As one may expect, there can be various tax consequences of dealing with assets and property when couples separate.
It is important to bear this in mind at all times when dealing with almost any aspect of family law, be it the sale or transfer of assets upon divorce, the net valuation of current or future assets or the setting up of a trust to hold a property for the benefit of a child (please see details of claims on behalf of a child) etc.
This section does not propose to consider these points in any detail, but simply to flag up issues which commonly arise and which need particularly careful attention:
the domicile of a couple in question must be considered and the implication of any foreign taxes taken into account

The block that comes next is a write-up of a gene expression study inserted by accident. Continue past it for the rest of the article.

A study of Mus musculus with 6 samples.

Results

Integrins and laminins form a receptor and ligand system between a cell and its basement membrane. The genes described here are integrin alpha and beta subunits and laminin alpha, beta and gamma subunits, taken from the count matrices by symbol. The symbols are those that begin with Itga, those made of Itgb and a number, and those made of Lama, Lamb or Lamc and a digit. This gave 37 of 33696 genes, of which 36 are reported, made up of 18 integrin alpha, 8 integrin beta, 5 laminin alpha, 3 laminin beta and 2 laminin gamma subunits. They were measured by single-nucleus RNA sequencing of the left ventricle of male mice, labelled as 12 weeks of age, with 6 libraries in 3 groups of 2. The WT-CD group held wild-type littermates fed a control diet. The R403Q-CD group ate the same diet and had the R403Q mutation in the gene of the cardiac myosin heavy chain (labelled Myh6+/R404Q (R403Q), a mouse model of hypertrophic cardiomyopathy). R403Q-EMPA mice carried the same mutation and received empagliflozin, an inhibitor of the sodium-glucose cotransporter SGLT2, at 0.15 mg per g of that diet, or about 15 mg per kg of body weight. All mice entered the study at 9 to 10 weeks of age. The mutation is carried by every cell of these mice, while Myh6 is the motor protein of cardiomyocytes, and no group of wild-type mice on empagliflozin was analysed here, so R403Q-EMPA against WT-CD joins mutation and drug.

the occupation of properties may change upon separation and this may affect the operation of the principal private residence exemption for capital gains tax purposes
transfers of assets between spouses are capital gains tax neutral provided they take place within the tax year of separation; in those circumstances the tax is not avoided but rather it is rolled over and there is no immediate chargeable event
when considering the 'pot' available for distribution between married couples, it is important to look at the net asset position and it may be that there are pregnant capital gains which need to be considered
in the event of a settlement of property order for a child careful consideration needs to be given to the tax treatment of any arrangement to minimise its impact (please see details of claims on behalf of a child)
If specialist expertise is needed, often our Private Client department will be able to advise on these points, or it may be necessary to take expert accountancy advice and we have strong links with professionals who can assist both in England and internationally.